Johannesburg - The lives of patients at Charlotte Maxeke Academic Hospital in Joburg were put in extreme danger when protesting workers damaged equipment, trashed a theatre, shut down the pharmacy and went as far as assaulting a doctor.
Health Minister Dr Aaron Motsoaledi, who joined the chorus of those who slammed the violent demonstration as unacceptable, said the doctor was manhandled while holding a baby.
An angry Motsoaledi called for the arrest of National Education, Health and Allied Workers' Union (Nehawu) protesters who turned the medical facility into a no-go zone early on Thursday. The workers - who included porters and cleaners - burnt tyres and blocked entrances, causing fear and disruption for patients, while demanding that medical staff join their strike.
Motsoaledi called them “hooligans who put the lives of patients at risk”. He said he would contact Police Minister Bheki Cele to discuss the matter.
“This was a sheer act of hooliganism. I really believe that some people must be arrested. No matter how justifiable your grievance, you don’t do that to sick people.”
Motsoaledi said the pharmacy manager told him that police arrived at the hospital and just watched as she helplessly tried to negotiate with the strikers to allow services in the hospital to continue.
He said the workers hid their faces behind masks taken from one of the hospital’s theatres. The minister said the situation was so volatile that only 19 of 50 scheduled operations were carried out before the theatre was trashed.
“We can’t have murderers working here,” Motsoaledi said.
Gauteng Health MEC Dr Gwen Ramokgopa said: “For me, this is another Life Esidimeni unfolding, and I hope that all of us as a society will stand up and say ‘not on our watch’.”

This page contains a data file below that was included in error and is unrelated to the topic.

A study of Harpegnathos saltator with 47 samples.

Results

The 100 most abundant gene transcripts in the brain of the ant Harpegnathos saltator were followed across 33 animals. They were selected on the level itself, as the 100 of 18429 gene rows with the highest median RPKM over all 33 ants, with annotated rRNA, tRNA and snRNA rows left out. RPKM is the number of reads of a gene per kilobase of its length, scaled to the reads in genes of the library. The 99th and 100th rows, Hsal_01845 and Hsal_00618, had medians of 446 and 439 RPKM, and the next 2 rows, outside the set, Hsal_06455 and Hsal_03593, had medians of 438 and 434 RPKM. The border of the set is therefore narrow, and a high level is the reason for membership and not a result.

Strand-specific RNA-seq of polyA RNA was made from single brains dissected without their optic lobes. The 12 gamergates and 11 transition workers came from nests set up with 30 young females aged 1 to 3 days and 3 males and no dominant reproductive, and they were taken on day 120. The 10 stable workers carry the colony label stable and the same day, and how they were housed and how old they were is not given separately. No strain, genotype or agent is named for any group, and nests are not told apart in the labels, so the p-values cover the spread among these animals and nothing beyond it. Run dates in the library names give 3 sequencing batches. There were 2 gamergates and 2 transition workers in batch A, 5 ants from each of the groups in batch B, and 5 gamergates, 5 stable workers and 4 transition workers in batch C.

The hospital has 1016 beds and cares for the sickly countrywide and from neighbouring states.
DA health spokesperson Jack Bloom said a terrified nurse described to him how she feared for her safety when she couldn't drive her car out of the grounds because of a burning tyre and aggressive protesters.
“I visited the hospital and found rubbish strewn all over. Non-emergency surgery has been cancelled, and most patients have left the hospital. I was told that protesters threatened staff and patients, and in once instance pulled doctors out of surgery while a patient was on the operating table,” said Bloom.
The workers’ grievances are about unpaid performance bonuses and a fight for overtime in ongoing wage negotiations.
In the casualty ward, patients sat unattended to, while others were turned away and told to get assistance at nearby hospitals.
Said Slindile Maseko, who travelled from Randburg for her regular hypertension check-up, after she was turned away: “If I had known there was a protest, I wouldn’t have come all the way from Randburg. I would have come on another day.”
In the hospital, the workers threw rubbish in the corridors and trashed the lifts.
The protest, according to Nehawu, was justified as the provincial department had relented and agreed to their demands. The workers want to be paid overtime and bonuses from the 2015/2016 financial year until the 2017/2018 financial year.
Addressing a jubilant crowd, Nehawu's Gauteng provincial chairperson Lulamile Sibanda said the government had agreed to pay them before Monday.
“We must celebrate this victory by ensuring that we make the employer pay us for the 2017/2018 financial year."
Charlotte Maxeke spokesperson Lungiswa Mvumvu said the payments were made by the provincial department and not the hospital. “The performance bonuses do not affect only Charlotte Maxeke. It is beyond us and up to the department to solve it,” she added.